The seven steps of comprehensive model of change are as follows:
Recognize need for change
The first step in this model is recognizing need for change. For marketing managers who anticipate needed . change, recognition is likely to come much earlier, as a result of marketing forecasts indicating new market potential, expert indications about impending socio-economic change or a perceived opportunity to capitalize on a key technological breakthrough. These managers tend to ‘initiate change because they expect it to be necessary in the near future in any case’.
Establish goals for change
The manager must then set goals for the proposed change. It is important for the manager to specify goals that the change is supposed to accomplish. The goals can be set to maintain or increase the market standing, to enter new markets, to restore employee morale, to reduce turnover, to settle a strike and to identify good investment opportunities.
Diagnose relevant variables
An important next step is diagnosing organizational variables that have brought about the need for change. Turnover, for example, may be caused by a variety of factors such as low pay, poor working conditions, poor supervision, better alternatives in the job market or employee job dissatisfaction etc. Thus, if turnover is the recognized stimulus for change, the manager must understand what has caused it in a particular situation in order to make the right changes. To carry out this diagnosis, the manager may discuss the situation with employees and other managers.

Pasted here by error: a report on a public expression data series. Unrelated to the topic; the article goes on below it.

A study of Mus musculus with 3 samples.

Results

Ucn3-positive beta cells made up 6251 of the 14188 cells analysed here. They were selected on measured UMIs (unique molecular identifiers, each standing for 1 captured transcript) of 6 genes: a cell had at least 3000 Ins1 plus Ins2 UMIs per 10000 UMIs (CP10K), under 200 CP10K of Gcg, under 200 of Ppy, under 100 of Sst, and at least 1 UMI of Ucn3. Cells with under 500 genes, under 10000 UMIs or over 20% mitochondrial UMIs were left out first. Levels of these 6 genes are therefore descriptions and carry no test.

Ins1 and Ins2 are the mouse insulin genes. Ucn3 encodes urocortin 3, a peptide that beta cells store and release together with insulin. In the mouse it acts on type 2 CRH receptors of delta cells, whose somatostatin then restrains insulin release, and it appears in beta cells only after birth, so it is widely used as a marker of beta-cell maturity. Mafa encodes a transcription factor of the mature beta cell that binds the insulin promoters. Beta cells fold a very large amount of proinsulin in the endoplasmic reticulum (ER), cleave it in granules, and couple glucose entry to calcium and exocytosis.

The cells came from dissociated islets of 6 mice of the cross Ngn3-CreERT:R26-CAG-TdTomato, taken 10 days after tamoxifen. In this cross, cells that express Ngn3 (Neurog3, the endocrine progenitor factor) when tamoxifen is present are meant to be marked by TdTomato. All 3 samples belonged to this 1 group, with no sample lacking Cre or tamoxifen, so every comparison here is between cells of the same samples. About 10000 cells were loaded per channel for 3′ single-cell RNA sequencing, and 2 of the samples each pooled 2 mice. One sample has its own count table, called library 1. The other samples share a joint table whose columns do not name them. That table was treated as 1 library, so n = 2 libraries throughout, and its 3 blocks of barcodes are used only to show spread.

Select change intervention
After the manager has developed an understanding of the problem and its causes then he must select a change intervention that will accomplish the intended goal. An intervention is a specific change induced in an organization with the intention of solving a particular problem or accomplishing a specific objective. For example, if turnover is caused by low pay, then a new reward system is required and if the cause is poor supervision then interpersonal skills and training for supervisors is required.
Plan implementation of change
The manager must then carefully plan the implementation of change. Planning the implementation of change involves consideration of the cost of the change, how the change will affect other areas of the organization and the degree to
which employees should participate in bringing about the change. Hastily implemented change can result in more harm than benefit. For example, if the change involves the use of new equipment, the manager should not make any changes that rely on the use of new equipment until it has arrived and been installed and workers know how to use it. Moreover, if change is thrust upon them too quickly, their resistance may stiffen.
A systematically implemented change is more likely to proceed smoothly and to encounter fewer obstacles than is a change that is implemented too quickly and without adequate preparation.
Finally, after the change has been implemented, the manager should verify that it has accomplished its intended goals. A change may fail to bring about the intended results. This may be due to inappropriate goals or inaccurate diagnosis of the situation or wrong selection of intervention.